China’s emissions may keep rising until 2030 – report
In this section »
Moment of truth draws near for the British press
‘Le Monde’ editorial director dies at work
Paper falls for Kim Jong-un ‘sexiest man’ spoof
Obama in campaign mode over budget
Palestinians bring their case to the UN
Sanctions threat Israel backs down as Palestinians move to upgrade UN status
FRANK McDONALD, Environment Editor
China’s greenhouse gas emissions – already the world’s highest – may not peak until 2030 and by then they would amount to half of the “carbon budget” needed to limit global warming at 2 degrees Celsius.
That’s the principal finding of a new report by the HSBC bank’s Climate Change Centre, released as delegates representing 194 countries meet in Doha, Qatar, for the UN’s 18th annual climate change conference.
Wai-Shin Chan and Nick Robins, head of centre, said they believed China “is still at least 18 years away from peak emissions”. Scientists have said emissions must peak in 2015 to achieve the two-degree target. “Our analysis shows that China’s emissions might not peak until 2030, but by then its annual emissions could amount to half of the carbon budget – what is allowed in order to stay within the 2°C warming target.”
Xie Zhenhua, China’s chief climate negotiator, recently suggested his country’s emissions could peak when its GDP per capita was about half of what developed countries’ emissions were when they peaked. “We estimate this to be around $20,000-$25,000 per capita,” the HSBC researchers said. “China is currently at $5,000 per capita. Based on our analysis … we estimate that Chinese GDP per capita could reach those levels around 2030.”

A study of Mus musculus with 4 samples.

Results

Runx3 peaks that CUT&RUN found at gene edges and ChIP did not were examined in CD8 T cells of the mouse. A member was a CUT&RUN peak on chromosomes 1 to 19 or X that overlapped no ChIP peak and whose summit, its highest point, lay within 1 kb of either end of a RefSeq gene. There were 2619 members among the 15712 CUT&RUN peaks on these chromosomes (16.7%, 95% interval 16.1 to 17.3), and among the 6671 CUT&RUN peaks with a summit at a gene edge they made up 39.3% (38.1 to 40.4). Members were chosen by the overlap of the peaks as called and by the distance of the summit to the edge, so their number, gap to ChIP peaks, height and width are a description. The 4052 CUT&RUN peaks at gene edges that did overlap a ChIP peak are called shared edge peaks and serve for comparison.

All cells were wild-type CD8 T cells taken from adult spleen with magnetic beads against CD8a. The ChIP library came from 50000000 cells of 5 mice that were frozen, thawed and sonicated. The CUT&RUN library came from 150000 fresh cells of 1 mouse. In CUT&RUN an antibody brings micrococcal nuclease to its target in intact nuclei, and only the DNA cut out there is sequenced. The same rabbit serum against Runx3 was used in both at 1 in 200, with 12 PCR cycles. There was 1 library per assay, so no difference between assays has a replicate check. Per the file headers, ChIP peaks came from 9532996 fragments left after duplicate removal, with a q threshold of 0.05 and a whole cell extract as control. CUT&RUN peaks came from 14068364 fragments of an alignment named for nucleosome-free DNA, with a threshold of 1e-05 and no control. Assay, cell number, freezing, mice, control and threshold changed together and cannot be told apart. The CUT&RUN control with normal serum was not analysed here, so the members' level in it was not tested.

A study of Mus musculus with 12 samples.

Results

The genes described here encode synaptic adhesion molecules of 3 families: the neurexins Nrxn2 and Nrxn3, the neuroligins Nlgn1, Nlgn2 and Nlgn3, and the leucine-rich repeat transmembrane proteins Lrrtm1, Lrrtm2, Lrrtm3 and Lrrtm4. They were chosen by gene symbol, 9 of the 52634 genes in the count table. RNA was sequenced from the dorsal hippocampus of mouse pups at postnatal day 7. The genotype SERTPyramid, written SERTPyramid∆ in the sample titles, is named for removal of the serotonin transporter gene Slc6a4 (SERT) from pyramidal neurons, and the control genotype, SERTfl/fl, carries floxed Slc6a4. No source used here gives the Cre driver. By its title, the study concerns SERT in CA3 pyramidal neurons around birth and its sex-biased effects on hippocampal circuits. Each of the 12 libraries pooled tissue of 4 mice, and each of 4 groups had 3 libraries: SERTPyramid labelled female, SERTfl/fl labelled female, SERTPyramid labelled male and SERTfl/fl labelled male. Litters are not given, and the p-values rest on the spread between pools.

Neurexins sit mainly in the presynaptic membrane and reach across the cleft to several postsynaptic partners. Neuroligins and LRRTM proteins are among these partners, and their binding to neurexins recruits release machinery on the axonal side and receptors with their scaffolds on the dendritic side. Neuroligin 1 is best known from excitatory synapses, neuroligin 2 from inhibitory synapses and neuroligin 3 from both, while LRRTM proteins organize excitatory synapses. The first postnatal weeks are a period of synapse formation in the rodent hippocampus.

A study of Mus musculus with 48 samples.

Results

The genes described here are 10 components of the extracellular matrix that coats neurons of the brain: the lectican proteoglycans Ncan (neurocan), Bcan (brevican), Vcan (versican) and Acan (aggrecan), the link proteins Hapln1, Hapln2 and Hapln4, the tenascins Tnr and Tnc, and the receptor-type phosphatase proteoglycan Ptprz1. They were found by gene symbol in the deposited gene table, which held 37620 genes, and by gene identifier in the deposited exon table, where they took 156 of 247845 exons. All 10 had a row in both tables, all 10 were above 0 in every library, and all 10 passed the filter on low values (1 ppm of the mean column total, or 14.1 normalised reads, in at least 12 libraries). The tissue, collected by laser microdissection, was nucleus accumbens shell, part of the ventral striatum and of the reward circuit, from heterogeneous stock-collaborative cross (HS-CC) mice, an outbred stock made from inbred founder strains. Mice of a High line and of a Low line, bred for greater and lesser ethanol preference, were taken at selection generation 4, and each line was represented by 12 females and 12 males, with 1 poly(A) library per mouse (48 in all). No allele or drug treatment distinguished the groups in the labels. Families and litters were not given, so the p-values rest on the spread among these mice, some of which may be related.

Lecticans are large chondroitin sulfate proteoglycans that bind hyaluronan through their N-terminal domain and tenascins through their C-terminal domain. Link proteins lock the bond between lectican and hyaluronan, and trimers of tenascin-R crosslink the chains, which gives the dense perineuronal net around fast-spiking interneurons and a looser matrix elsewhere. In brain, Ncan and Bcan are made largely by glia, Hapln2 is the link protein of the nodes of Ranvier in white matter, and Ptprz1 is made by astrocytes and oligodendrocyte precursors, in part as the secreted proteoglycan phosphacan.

“We analyse China’s possible emissions in 2030 and find it could be at 12 gigatonnes – over 40 per cent more than current levels,” they said. This would be almost half of the allowed emissions under the International Energy Agency’s scenario for achieving the target.
Even if China could deliver larger reductions in the “carbon intensity” of its economy, emissions in 2030 could still be 10 gigatonnes – 40 per cent of the overall allowance envisaged under the scenario for capping global carbon emissions at 450 parts per million.
However, the HSBC researchers said they believed that China would continue to step up domestic climate change efforts, even if it wasn’t subject to legally binding absolute emissions reductions under any deal to renew the Kyoto Protocol, which expires on December 31st.
On a more positive note, deforestation rates in the Amazon – the world’s most important “carbon sink” – fell 27 per cent over the past year. An estimated 4,656sq km of forests were cleared compared to 6,418sq km the previous year.
Brazil’s environment minister, Izabella Teixeira, said: “I consider this fact one of the few positive environmental news stories the planet had this year.” She was instrumental in the adoption of a new forest code earlier this year, which is intended to limit deforestation in the Amazon.
Meanwhile, the Obama administration has appointed high-level representatives to pursue a global solution for aviation emissions – coinciding with the passage of a Bill in the US Congress that would retaliate against the EU for including aviation in its emissions trading scheme.
“The White House now must endorse a global, market-based measure to rein in carbon pollution from aviation,” said Keya Chatterjee, director of international climate policy at the World Wildlife Fund. This is now being considered by the International Civil Aviation Organisation (ICAO).
The European Commission believes its decision to exempt the US and other foreign airlines using EU airports for a year (until January 1st, 2014) will “create a positive atmosphere” for the ICAO talks. The deferral was made under pressure from the US and its airlines.